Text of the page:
C-reactive protein and procalcitonin after congenital heart surgery utilizing cardiopulmonary bypass: When should we be worried?
Farias JS, Villarreal EG, Dhargalkar J, Kleinhans A, Flores S, Loomba RS. C-reactive protein and procalcitonin after congenital heart surgery utilizing cardiopulmonary bypass: When should we be worried? J Card Surg. 2021;36(11):4301-4307. doi: 10.1111/jocs.15952.
INTRODUCTION: To assess the efficacy of C-reactive protein (CRP) and procalcitonin (PCT) at identifying infection in children after congenital heart surgery (CHS) with cardiopulmonary bypass (CPB).
MATERIALS AND METHODS: Systematic review of the literature was conducted to identify studies with data regarding CRP and/or PCT after CHS with CPB. The primary variables identified to be characterized were CRP and PCT at different timepoints. The main inclusion criteria were children who underwent CHS with CPB. Subset analyses for those with and without documented infection were conducted in similar fashion. A p value of less than .05 was considered statistically significant.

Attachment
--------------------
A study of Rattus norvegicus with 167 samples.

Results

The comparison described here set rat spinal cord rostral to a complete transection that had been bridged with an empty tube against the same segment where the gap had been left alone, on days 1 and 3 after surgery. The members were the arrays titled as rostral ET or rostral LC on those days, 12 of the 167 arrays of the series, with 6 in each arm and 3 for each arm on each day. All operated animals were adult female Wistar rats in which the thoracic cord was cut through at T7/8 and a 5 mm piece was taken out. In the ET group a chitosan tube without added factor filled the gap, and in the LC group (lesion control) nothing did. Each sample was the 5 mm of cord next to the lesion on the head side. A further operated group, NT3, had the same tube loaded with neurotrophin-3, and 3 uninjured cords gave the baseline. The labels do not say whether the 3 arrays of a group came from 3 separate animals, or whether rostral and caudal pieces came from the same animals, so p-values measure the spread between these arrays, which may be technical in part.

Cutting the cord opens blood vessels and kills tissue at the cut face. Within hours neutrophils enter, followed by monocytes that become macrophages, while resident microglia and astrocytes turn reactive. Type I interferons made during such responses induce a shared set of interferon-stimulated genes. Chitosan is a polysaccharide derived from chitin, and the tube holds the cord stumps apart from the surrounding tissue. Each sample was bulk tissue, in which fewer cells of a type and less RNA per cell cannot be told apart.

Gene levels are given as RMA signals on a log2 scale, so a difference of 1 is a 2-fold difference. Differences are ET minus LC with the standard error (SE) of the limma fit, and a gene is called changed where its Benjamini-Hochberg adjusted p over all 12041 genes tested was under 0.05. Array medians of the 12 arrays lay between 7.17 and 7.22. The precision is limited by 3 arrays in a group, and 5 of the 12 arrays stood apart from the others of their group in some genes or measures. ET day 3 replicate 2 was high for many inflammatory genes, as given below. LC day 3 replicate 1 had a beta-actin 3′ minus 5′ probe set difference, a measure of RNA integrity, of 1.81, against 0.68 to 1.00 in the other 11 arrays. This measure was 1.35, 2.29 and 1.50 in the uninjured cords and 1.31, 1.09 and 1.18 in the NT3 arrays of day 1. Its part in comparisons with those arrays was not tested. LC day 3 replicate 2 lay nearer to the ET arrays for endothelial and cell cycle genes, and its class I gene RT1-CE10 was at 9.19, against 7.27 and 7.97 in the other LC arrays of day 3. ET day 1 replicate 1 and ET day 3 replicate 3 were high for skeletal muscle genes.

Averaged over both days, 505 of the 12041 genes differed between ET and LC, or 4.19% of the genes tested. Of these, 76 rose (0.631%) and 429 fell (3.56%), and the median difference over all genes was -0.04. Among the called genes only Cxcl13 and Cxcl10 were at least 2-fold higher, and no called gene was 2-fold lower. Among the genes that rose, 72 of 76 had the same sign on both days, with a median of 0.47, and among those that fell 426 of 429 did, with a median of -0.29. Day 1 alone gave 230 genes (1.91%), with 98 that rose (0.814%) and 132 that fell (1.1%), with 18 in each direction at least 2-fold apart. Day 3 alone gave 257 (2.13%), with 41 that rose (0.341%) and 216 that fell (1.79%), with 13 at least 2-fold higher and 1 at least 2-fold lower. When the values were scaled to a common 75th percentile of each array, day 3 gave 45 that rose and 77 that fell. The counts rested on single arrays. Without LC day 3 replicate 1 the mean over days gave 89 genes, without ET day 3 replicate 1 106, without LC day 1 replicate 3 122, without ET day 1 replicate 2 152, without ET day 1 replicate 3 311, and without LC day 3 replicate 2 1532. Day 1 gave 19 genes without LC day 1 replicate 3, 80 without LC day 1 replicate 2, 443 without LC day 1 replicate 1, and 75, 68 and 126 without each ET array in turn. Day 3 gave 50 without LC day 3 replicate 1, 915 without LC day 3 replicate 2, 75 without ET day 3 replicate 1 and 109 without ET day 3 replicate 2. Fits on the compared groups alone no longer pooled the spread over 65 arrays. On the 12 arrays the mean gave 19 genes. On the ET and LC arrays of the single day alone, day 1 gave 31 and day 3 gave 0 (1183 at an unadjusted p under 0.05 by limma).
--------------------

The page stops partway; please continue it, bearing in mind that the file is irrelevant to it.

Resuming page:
RESULTS: A total of 21 studies were included for CRP with 1655 patients and a total of 9 studies were included for PCT with 882 patients. CRP peaked on postoperative Day 2. A significant difference was noted in those with infection only on postoperative Day 4 with a level of 53.60 mg/L in those with documented infection versus 29.68 mg/L in those without. PCT peaked on postoperative Day 2. A significant difference was noted in those with infection on postoperative Days 1, 2, and 3 with a level of 12.9 ng/ml in those with documented infection versus 5.6 ng/ml in those without.
CONCLUSIONS: Both CRP and PCT increase after CHS with CPB and peak on postoperative day 2. PCT has a greater statistically significant difference in those with documented infection when compared to CRP and a PCT of greater than 5.6 ng/ml should raise suspicion for infection.